My brother runs a landscape gardening firm. I was talking to him about his customer base and asked him who his target customers were. He responded that his customer base was “anyone and everyone”.
This response took me aback. I was astonished that, for a business that relied significantly on word of mouth for its survival, my brother’s firm had so little knowledge of the differing customer groups in the market.
My brother’s company may well trade with the market as a whole but it was clear that some of its customers would be of more value to the firm than others.
It is also true that the needs and expectations of consumers vary. Rather than having a single promotional offer, my brother’s firm should be adapting its marketing mix so that it aligned with the expectations of different customer groups.
I explained the to my brother using the example of a large breakfast cereal manufacturer. This was a firm, unlike my brother’s which could truly describe itself as trading with “everyone and anyone” but they do not offer a single product to market or promote all their products in the same way. They sell low-fat cereals to those wishing to lose weight and advertise them through health and women’s magazines. They advertise chocolate covered cereals using cartoon characters and on television when children are watching. They produce basic cereals at a low price and distribute them through discount stores. In short, they split their market into different segments and adjust their marketing mix to meet the expectations of those segments.
In his book Market Segmentation, Professor Malcolm Macdonald uses the example of farmers buying chemical fertiliser. He identifies seven different market segments in the agricultural fertiliser customer base. Here are three of his market segments.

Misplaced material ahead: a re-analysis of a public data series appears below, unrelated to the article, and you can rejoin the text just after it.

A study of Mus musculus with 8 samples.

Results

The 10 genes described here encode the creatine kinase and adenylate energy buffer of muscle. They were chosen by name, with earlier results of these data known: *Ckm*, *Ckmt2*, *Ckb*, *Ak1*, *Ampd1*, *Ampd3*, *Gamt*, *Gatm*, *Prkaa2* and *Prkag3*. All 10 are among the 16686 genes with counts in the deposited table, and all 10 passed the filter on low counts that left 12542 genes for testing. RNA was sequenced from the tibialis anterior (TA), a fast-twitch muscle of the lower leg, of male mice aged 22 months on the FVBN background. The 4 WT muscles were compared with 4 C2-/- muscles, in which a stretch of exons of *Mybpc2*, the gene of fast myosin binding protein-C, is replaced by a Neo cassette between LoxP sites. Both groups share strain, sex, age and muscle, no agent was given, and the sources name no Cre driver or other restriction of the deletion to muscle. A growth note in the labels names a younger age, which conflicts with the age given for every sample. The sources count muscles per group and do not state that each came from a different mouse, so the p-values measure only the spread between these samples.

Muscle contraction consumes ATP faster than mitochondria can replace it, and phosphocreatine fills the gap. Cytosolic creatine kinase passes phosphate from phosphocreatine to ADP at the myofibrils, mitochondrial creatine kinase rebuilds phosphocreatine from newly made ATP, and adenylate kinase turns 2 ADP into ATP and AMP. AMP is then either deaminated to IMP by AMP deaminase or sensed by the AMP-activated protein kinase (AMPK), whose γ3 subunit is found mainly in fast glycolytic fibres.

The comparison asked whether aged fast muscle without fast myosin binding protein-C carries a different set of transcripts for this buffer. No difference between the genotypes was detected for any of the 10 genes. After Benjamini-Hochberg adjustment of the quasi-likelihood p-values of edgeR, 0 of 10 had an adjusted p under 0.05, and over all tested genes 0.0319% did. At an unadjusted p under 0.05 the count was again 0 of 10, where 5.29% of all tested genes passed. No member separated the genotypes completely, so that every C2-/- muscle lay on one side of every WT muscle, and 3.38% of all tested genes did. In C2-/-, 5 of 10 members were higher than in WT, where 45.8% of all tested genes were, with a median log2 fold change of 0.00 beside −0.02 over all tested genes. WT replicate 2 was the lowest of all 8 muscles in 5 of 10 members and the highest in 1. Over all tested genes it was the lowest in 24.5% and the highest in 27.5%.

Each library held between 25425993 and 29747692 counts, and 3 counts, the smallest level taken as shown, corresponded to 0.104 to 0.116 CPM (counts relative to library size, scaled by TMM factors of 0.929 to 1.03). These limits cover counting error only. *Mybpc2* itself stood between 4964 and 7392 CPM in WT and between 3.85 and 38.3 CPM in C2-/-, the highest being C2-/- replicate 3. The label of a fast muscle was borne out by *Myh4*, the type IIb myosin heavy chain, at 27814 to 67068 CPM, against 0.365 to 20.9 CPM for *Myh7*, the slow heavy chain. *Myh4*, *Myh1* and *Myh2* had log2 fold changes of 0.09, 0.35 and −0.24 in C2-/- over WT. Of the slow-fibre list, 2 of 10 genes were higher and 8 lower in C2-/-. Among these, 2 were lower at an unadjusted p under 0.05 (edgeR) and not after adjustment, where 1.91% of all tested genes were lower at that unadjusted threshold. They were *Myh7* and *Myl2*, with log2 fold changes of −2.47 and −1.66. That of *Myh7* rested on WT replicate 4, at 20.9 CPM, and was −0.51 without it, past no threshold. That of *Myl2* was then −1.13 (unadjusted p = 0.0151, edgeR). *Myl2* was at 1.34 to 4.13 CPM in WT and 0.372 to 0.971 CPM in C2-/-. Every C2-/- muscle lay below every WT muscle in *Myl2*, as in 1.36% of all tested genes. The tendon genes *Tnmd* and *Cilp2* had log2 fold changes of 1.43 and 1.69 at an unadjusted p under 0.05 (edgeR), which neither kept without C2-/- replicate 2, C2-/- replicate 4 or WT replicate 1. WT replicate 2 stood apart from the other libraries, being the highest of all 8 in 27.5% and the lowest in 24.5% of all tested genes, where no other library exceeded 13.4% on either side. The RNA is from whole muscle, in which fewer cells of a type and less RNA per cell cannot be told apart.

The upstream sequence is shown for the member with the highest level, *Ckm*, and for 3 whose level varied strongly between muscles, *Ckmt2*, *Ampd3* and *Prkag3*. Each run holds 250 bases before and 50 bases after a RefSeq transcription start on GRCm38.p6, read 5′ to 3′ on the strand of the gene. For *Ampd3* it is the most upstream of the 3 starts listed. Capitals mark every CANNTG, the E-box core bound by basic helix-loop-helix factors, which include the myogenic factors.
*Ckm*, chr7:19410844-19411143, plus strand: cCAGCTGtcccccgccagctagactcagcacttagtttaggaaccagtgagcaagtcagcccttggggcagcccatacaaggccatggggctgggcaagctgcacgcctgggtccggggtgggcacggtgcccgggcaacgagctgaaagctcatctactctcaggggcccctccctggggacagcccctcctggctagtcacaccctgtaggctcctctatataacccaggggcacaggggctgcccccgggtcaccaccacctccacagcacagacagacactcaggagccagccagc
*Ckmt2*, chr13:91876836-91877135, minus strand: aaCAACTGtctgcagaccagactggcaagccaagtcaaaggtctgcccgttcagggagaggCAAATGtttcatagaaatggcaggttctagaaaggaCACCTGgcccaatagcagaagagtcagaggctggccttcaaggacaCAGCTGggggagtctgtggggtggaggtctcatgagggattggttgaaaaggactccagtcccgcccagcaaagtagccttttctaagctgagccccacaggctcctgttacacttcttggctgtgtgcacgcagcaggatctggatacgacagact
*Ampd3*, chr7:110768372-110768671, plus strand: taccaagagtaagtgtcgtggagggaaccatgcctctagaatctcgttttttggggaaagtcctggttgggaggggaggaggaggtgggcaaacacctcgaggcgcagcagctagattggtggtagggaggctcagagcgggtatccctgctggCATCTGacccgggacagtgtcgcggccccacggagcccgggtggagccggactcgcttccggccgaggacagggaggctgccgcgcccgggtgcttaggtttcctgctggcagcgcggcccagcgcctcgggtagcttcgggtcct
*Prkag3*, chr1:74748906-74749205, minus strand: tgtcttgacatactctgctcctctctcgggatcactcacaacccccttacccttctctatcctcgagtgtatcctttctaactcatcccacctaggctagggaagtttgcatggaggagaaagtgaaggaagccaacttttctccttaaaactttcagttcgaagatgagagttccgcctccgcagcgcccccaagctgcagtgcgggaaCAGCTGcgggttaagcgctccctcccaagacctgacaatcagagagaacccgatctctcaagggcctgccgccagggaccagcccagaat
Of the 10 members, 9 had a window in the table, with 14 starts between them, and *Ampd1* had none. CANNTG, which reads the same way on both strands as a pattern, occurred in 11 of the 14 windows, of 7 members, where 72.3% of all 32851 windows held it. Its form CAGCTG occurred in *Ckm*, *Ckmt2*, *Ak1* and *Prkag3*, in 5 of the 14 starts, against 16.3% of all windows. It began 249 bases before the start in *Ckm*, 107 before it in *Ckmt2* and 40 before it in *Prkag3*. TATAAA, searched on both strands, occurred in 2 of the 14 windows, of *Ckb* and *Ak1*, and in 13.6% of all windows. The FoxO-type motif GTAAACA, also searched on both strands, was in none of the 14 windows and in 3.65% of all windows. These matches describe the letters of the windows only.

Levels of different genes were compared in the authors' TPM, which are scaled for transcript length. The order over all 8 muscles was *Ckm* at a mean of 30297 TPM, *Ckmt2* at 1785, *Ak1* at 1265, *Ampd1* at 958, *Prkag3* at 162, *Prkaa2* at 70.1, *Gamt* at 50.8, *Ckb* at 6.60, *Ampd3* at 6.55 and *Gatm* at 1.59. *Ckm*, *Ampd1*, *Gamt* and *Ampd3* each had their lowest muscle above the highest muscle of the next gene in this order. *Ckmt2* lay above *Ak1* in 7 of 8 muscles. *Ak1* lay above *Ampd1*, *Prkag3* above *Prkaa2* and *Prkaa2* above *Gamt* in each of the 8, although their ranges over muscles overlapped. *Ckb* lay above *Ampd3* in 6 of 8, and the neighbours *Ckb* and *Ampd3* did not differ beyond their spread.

Firstly there are those farmers who are price sensitive. These farmers will always look for the cheapest option. Professor Macdonald estimates that this group makes up about 7% of the market.
Another group is the technological farmer. This group of farmer are interested in using technology to ensure that the best yields are achieved. These farmers will use satellite technology to identify the soil types on their farm and will use GPS to ensure that the correct mix of nutrients are applied in different areas of a field.
A third group is the farmer who wants to ensure that his farm is the best looking and smartest around. In fact, our family knows such a farmer. His farmyard is spotless, his farm equipment gleams and his field boundaries are neatly trimmed. Woe betide any weed which dare grow in his fields. This type of farmer will buy agrichemicals which promise the best crop appearance not price or yield.
A firm operating in the agrichemical market may not get anywhere trying to push a product to the latter two segments on the basis of price alone. Equally, they may get nowhere trying to sell expensive fertiliser to the first group of farmers and telling them that it will make their fields look nice.
Market segmentation and adjusting your marketing mix to match your key customer’s needs is a crucial skill in developing a successful business. Philmus Consulting Ltd can help your firm to carry out this process and ensure that your promotional activity meets the differing needs and wants of your consumers.